Daniel P. Wolk talks with City Bureau about why local public meetings are “the tip of the iceberg,” why Chicago’s Zoning Committee is important to watch ahead of the upcoming aldermanic election and how Documenters are “translating the obscure” for the public good.
By City Bureau
This interview has been edited and condensed for clarity.
How did you first get involved with Documenters?
I have a good friend I talk politics and news with and I was pretty upset after DNAinfo [Chicago] shut down. We were commiserating about it and then she sent me a link to an article about the Documenters program that included an interview with [City Bureau co-founder] Darryl Holliday. I was intrigued. I thought, “This sounds interesting. I’m leading a bit of a reclusive life right now, busy writing. I need to get out of the house, I need to do something, I need to make a little money.” So I just filled out an application and the rest is history.
When it comes to local politics and government, what issues are most important to you?
I’m interested in corruption, government accountability, transparency and public integrity. When I was teaching sociology at a university in Iraqi Kurdistan, we ran up against corruption in a rather sensational way [that] eventually [led to] me getting deported at gunpoint. But my friends at home just said, “Oh yeah, it sounds just like Chicago.” And I’m thinking, “I know Chicago has a history of corruption but not like this!” But that motivated me to get interested in how lack of transparency and corruption works in the United States.
You’ve documented several meetings of the Chicago Board of Ethics recently. What have you learned from your ongoing attendance?
By law, most of what the Chicago Board of Ethics does is confidential because they can’t make the names of government officials under review public unless they find them guilty of something. But during the open part [of] each meeting, [executive director] Steve Berlin gives a summary of his monthly report. I asked him [for a copy] and he was like, “Yeah, it’s not confidential, it’s available to anybody who asks for it.” After the third meeting I asked him for the report again and he wrote me back, “Gee, why should I have to wait for your request each time to send you the actual report? I’ll just post it publicly right away. That’ll make it easier for you and for everybody.” If we, as the public, show more interest in these things I think a lot of officials will share more information.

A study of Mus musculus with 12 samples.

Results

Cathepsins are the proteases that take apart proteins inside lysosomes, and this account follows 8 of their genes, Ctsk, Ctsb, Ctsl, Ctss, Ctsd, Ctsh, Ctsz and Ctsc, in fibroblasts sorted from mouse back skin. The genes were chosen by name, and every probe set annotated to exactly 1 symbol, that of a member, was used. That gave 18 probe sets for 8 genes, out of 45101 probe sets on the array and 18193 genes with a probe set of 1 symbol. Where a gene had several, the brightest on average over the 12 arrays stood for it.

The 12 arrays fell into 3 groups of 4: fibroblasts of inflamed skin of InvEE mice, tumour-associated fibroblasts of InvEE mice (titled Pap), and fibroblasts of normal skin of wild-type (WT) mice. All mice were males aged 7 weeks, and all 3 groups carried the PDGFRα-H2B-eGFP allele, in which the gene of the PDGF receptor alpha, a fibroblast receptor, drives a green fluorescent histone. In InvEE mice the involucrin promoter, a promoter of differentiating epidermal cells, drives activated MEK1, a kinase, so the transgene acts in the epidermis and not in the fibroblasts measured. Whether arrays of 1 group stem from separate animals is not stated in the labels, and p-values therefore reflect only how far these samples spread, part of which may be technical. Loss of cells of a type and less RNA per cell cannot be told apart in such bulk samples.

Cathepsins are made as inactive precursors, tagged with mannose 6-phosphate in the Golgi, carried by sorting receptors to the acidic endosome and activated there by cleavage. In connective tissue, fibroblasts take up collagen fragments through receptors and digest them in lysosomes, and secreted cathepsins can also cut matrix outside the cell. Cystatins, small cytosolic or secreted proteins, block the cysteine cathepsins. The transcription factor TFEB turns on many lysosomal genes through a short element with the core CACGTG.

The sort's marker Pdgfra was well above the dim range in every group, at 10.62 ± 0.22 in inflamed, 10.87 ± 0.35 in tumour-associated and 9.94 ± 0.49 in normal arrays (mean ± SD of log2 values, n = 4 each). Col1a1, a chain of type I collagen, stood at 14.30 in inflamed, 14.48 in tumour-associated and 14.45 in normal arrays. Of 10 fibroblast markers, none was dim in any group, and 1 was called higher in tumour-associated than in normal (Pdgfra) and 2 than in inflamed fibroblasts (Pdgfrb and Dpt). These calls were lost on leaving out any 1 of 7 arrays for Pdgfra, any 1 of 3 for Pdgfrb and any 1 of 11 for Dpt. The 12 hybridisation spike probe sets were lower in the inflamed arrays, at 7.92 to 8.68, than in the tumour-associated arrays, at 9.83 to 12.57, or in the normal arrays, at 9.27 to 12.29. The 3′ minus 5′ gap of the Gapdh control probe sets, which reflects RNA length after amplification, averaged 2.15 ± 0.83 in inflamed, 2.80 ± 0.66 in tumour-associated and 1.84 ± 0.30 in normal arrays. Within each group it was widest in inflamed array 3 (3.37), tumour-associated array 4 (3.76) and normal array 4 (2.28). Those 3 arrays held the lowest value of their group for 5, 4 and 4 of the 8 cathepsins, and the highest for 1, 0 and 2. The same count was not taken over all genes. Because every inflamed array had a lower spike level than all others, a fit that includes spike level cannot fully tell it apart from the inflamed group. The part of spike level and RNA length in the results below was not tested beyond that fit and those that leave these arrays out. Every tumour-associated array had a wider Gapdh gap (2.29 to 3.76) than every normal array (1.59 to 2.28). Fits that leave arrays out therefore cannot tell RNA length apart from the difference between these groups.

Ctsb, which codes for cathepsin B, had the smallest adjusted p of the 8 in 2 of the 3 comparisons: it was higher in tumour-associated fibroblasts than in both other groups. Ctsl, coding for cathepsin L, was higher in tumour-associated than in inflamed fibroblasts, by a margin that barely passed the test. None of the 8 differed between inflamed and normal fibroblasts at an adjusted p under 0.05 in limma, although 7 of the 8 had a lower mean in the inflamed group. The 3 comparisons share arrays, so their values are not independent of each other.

What’s one topic you think should make the news more?
I’m fascinated by the Zoning Committee. I’ve looked into a couple of the lawyers who presented cases for clients at a recent meeting and they are major contributors to aldermen’s campaign funds. I actually mentioned it to Berlin and he confirmed, “Yeah, it’s legal.” It is formally transparent; the data is open to the public and it’s fun to play around with on Illinois Sunshine, but to turn it into newsworthy material is a challenge. Some committee receives money from some front organization. It would take a lot of work to really see who’s behind that money. But those are the people that run the city.
What have you learned about local politics since becoming a Documenter?
What I find most striking is how public meetings themselves are pretty much the tip of the iceberg. So much of what goes on in government is not necessarily dishonest or corrupt or greedy, but it almost depends on it being obscure to the vast majority of people. I have this little idea that they deliberately make it boring so that people don’t look into it.
What tips do you have for someone attending or documenting a local public meeting?
Get the agenda, go to the committee’s website and learn as much as you can before the meeting.
I used to just report the meeting in the order it happened, but now that I’ve had more experience I try to reorganize [my notes] by key discussions and issues. I’ll go through my notes and try find out what I don’t understand. In one case at City Council I talked to a legislative aide and she gave me the names of the speakers during the public comment period. I tracked them down on the internet and wrote to them. That was helpful. In the case of something like the Board of Ethics, their Twitter account (@ChicagoEthicsBd) is really important because they announce availability of relevant information.
How is a Documenter different from a member of the public or a journalist who covers the meeting for the news?
Any member of the public can go to these meetings but it takes work, it takes discipline, it takes some training to understand what people in government are doing, and only a tiny percentage of what goes on at these meetings is “newsworthy.” Journalists from organizations like WBEZ and The Daily Line go and find the highlights, but there are a lot of important things that are going on that are not highlights. I think Documenters fill an important gap in our public culture: translating the obscure into something that a more general audience can deal with. Hopefully there will always be inquisitive members of the public who will take interest in these things.